Steinem's unflagging vision. As Ms. magazine turns 15, its founder reviews her agenda
Three years ago, when Gloria Steinem turned 50, some 750 well-wishers gathered at the Waldorf-Astoria in New York for a glittering party honoring the famous founder of Ms. magazine. Now Ms. Steinem and her colleagues are blowing out birthday candles again, this time for Ms. magazine itself.Skip to next paragraph
Subscribe Today to the Monitor
The feminist publication turns 15 in July, and supporters are celebrating the occasion with high spirits and high-visibility events.
A special anniversary issue went on sale a week ago. Steinem has begun a six week, 12-city promotional tour, including gala fund-raisers in at least six cities to benefit the nonprofit Ms. Foundation.
The magazine has also just published ``Letters to Ms.: 1972-1987'' (Henry Holt, $18.95), a sampling of readers' problems and opinions during a period of turbulent social change.
These sophisticated celebrations stand in marked contrast to the no-nonsense, all-work-and-no-play image the women's movement has long projected. But then, Steinem herself has always been a different sort of feminist, refusing to abandon a certain glamour and chic in order to prove her credentials.
Dressed for her interview in a black blouse, black pants, and lizard belt, she wears only two pieces of jewelry: a huge round wristwatch and a gold serpent ring from Greece coiled up to her knuckle. Her hair is still long and blond, although she has traded the famous aviator glasses for contact lenses. There is something changeless about her physically, and in her outlook.
At a time when the women's movement appears to others to be at a point of transition, if not crisis, Steinem remains the last of the cheerleaders. She and she alone seems able to speak simply and confidently, as if it were 15 years ago and everybody was still in the first buoyant stage.
The first issue of Ms. drew an astonishing 20,000 letters.
``Their dominant theme was, `At last I know I'm not alone,''' Steinem says. That continues to be the primary message in the Ms. mailbag, she adds. Only the topics - not the theme - change.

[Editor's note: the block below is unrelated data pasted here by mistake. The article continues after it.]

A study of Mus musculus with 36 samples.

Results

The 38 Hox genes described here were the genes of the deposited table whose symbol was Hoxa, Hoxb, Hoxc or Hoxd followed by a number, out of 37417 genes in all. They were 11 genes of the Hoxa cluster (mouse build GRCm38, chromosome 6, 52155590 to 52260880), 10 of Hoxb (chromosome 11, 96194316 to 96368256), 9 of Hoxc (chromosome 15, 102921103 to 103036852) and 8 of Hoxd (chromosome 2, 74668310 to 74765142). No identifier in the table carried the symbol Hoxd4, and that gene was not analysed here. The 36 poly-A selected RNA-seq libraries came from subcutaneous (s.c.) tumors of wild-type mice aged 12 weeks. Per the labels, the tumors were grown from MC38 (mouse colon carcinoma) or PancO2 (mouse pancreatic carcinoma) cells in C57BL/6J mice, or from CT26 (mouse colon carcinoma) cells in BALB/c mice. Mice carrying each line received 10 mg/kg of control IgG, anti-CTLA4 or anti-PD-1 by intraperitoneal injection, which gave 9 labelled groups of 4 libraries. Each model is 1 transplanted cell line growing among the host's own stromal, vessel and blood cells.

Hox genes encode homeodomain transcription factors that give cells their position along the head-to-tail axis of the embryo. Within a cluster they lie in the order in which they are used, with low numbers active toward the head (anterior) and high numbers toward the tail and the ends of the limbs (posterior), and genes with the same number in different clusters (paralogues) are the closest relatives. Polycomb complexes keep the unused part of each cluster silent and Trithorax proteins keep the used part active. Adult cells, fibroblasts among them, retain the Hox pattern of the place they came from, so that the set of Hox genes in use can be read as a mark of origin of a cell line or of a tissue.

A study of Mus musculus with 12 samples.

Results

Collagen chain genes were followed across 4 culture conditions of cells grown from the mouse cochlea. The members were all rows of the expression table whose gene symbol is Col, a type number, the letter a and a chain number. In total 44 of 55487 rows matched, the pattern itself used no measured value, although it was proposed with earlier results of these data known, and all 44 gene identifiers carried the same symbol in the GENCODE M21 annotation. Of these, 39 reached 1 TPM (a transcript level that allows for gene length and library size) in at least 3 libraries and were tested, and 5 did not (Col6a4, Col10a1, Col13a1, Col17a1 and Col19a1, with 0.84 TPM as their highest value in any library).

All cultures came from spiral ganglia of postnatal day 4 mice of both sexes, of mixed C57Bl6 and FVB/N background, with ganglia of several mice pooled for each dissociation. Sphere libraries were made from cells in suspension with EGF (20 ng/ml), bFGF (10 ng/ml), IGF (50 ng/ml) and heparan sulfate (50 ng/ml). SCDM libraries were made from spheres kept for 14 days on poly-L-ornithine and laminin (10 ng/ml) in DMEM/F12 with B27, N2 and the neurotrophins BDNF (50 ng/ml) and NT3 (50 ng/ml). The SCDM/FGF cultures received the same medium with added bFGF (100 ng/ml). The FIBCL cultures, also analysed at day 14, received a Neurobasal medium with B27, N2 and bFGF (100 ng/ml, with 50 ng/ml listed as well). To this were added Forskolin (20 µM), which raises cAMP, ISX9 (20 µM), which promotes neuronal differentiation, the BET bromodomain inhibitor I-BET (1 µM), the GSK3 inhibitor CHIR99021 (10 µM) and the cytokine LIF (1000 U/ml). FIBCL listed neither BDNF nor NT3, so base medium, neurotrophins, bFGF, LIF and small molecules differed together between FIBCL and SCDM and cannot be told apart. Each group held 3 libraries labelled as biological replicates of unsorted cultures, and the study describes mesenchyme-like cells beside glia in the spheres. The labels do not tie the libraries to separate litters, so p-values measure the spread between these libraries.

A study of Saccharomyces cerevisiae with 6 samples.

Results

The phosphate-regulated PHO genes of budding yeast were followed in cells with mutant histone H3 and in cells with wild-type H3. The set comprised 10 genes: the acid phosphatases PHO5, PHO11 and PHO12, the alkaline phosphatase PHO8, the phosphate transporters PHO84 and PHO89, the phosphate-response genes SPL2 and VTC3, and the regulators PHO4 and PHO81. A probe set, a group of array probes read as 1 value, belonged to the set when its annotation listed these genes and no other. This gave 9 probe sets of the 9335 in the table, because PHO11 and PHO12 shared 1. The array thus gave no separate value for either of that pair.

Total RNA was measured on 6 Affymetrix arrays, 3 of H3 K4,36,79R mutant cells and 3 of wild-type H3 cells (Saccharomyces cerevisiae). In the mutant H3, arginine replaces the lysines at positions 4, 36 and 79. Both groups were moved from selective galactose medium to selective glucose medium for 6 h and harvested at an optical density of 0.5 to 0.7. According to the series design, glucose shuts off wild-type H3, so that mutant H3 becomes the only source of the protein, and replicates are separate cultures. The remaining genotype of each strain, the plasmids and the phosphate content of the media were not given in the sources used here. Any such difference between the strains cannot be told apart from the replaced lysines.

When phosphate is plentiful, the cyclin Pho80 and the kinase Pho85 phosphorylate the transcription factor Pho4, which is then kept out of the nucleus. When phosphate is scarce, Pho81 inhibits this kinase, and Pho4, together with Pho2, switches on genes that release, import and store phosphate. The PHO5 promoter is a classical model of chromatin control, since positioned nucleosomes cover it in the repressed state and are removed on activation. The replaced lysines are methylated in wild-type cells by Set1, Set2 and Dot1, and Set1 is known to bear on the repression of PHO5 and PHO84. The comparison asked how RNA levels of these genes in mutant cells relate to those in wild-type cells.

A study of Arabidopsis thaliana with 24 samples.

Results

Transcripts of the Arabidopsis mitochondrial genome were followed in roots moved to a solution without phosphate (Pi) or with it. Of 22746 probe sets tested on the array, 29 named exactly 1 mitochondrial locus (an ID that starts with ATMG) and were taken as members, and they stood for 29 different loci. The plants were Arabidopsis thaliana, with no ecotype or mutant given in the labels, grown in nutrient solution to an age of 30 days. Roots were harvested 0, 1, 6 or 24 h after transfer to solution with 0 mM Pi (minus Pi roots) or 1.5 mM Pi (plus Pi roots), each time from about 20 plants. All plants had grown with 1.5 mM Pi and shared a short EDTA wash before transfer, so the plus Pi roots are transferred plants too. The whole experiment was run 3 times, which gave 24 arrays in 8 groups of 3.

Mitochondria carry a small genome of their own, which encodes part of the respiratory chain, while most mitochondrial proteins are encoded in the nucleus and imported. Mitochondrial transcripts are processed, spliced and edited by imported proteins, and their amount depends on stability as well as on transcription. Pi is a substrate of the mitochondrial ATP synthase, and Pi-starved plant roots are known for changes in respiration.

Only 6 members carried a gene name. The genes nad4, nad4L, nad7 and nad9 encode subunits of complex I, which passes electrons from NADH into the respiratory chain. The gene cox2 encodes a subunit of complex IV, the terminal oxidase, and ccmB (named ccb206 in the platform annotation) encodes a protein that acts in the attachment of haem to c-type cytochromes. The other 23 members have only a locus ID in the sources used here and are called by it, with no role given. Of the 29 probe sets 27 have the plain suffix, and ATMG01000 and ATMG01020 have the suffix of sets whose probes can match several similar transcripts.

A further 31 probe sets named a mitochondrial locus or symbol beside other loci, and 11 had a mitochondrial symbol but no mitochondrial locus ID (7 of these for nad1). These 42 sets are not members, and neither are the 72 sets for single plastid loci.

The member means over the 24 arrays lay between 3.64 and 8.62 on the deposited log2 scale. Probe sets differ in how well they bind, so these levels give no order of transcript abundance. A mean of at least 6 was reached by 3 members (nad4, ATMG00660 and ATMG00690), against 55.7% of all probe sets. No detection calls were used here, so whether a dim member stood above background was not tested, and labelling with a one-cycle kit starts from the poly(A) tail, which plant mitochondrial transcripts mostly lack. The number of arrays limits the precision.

As an example, she notes that the first issue included a petition about abortion, which was then illegal.
``It was quite daring for those women to sign their names,'' she says. The current issue contains a similar petition about incest and child sexual abuse - a subject she believes is just beginning to be discussed openly.
Has feminism become more ambivalent as pure theory hit the real world? Not as Steinem sees it.
``Feminism is a revolution,'' she says. ``It isn't just this little thing that's going to integrate and nobody's going to notice it. It transforms every institution.''
Ms. readers - 10 percent of whom are men - continue to be ``predictors of change,'' Steinem claims. ``Whatever they are doing and thinking now, the rest of the country will be doing in five years.''
As neatly as she presents her persona, she divides her agenda into three ``umbrellas of reform.''
The first is reproductive freedom, which includes legal abortion, contraceptives, safe childbirth conditions, and ``the freedom to have or not to have children. It really is very basic,'' she says.
Her second cluster of ideas involves redefining and revaluing work.
``We have to start with redefining work, because right now homemakers are still called women who don't work. Actually, they work harder than any other class of workers in the United States, by Department of Labor statistics, for less money and less security.